The NGEP: Set Course for Disaster
When the New Graduate Entry Program (NGEP) was unveiled in October, it was met with disappointment1, concern 2, disgust 3, and formal statements from both the Professional Association of Residents of Ontario (PARO), and the Ontario Medical Association (OMA).4 This was because the program was, quite simply, bad. It was incredibly restrictive about where new family doctors could work and penalized them for practicing broad-based community medicine, such as providing coverage in the local emergency department or working as a hospitalist.
Fortunately, it seems that the government has picked up on the whirlwind of negative feedback; Dr. Bob Bell, the deputy minister of health, attended a brief Q & A with the Ontario College of Family Physicians (OCFP) at the recent Family Medicine Forum (FMF) in Toronto and made clear mention that the government was planning on revamping the program. Let us all hope that they consult widely and get it right, because there is more at stake than just a few empty rural jobs they are hoping to fill: it’s the trust and engagement of a whole generation of family doctors.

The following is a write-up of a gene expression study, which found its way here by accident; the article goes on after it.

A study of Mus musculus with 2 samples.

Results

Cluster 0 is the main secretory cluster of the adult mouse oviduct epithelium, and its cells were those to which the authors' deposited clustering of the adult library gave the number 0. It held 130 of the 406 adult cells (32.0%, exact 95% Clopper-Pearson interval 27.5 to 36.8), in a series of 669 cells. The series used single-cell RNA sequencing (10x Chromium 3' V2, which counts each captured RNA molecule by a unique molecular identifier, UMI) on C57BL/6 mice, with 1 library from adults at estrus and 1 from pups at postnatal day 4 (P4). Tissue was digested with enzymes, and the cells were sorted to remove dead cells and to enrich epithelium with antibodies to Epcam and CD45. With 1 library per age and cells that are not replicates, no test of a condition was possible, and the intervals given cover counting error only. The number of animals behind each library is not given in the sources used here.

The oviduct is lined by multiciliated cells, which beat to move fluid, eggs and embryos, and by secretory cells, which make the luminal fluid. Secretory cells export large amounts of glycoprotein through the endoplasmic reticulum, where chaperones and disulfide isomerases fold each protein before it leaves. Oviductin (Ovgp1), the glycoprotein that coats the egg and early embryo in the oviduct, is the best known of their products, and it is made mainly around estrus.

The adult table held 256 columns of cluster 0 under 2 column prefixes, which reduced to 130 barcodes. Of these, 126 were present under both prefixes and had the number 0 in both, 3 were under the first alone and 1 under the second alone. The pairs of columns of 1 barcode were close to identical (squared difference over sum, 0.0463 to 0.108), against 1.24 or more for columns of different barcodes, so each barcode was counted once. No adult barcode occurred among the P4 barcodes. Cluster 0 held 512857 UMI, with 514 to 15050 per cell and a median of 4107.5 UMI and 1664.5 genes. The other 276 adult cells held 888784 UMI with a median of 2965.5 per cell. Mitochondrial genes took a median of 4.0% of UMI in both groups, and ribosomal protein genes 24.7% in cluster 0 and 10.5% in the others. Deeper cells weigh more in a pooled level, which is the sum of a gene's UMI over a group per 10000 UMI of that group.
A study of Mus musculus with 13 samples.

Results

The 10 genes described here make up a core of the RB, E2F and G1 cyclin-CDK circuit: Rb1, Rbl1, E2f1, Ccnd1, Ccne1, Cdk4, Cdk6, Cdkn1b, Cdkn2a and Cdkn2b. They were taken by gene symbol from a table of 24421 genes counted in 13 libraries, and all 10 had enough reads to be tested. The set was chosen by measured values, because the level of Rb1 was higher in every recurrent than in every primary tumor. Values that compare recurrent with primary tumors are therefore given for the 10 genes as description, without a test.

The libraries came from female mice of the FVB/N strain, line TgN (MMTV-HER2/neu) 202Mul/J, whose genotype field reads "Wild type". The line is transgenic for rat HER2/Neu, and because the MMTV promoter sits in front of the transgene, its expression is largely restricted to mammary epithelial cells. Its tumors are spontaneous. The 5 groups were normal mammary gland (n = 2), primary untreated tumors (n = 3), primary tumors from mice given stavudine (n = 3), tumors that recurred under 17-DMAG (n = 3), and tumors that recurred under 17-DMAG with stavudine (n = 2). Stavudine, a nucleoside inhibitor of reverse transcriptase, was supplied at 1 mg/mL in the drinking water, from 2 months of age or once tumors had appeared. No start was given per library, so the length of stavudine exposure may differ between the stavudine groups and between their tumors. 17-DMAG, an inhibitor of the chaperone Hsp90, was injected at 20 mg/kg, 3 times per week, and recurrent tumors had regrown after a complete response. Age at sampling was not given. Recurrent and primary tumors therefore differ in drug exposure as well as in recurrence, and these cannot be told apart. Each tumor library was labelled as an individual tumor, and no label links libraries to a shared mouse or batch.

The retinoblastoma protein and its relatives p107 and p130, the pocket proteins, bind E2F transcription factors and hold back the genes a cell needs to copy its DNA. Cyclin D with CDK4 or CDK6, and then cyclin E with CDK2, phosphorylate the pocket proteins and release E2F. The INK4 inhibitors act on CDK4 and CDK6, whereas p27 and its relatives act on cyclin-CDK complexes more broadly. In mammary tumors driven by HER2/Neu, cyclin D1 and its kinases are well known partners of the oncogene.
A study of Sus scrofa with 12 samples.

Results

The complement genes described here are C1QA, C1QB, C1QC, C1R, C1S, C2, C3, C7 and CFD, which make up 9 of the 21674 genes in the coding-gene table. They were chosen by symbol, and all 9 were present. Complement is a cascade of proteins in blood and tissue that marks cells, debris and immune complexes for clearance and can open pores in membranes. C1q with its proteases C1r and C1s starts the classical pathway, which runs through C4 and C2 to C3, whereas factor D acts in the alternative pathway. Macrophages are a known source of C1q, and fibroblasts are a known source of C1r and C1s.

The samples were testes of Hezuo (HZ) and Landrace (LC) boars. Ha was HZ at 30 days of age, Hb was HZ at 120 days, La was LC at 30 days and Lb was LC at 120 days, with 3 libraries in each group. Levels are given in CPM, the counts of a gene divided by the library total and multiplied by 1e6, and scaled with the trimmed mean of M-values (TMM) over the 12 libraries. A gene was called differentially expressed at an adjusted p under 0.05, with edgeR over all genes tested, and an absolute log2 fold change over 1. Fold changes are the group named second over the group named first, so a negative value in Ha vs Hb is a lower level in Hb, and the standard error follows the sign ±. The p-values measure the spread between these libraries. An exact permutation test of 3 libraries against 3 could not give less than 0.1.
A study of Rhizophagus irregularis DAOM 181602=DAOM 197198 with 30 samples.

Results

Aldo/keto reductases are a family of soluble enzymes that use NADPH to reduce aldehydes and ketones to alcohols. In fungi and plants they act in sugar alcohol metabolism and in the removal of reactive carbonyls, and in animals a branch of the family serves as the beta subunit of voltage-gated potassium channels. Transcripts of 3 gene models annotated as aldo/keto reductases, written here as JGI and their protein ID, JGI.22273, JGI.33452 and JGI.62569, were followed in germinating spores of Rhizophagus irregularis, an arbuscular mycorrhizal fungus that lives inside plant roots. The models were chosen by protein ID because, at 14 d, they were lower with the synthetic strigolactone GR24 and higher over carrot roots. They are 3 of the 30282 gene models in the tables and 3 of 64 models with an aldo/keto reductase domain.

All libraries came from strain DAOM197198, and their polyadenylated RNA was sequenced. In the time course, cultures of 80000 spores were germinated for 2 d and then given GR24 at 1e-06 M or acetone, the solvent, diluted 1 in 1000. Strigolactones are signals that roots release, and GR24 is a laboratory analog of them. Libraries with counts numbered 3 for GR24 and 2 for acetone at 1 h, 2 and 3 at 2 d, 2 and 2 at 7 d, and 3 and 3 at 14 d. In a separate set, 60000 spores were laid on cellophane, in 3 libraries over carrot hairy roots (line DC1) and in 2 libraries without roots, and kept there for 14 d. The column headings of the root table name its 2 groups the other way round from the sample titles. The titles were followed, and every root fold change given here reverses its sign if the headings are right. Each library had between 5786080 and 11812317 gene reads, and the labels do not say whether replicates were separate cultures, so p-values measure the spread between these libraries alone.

My experience has been that this new breed of family doctors are as open-minded as ever about practice opportunities and the challenges facing healthcare. They want to be participants in a system that is more collaborative and interdisciplinary than ever before. The vast majority of new grads have trained in a team-based clinical setting and see this as the clear way forward for primary care. They represent key stakeholders, and a potentially critical ally in any government plans for primary care reform. By floating a program for this cohort that not only ignores this reality, but dramatically limits their ability to provide the type of care they are best able to is incredibly discouraging. The result? While some of my friends and colleagues have managed to find suitable family medicine work, most are performing locums, working in walk-in clinics, and essentially working on the fringes of what the government had hoped for: comprehensive family medicine in communities of need.
Ultimately, the New Graduate Entry Program, while intending to direct new family medicine graduates to practice in underserved areas, is instead at risk of generating a very different result: alienation of an entire generation of family medicine. Combine this with an ambitious plan for further primary care reform outlined in the Baker-Price report 5 and you have a situation akin to a captain setting a direct course for a reef. If you aim for trouble, you will end up with trouble.
It is well past time to get the right alphabet soup of organizations at the table (including the OCFP, OMA, and PARO), and ensure we develop a program that makes sense.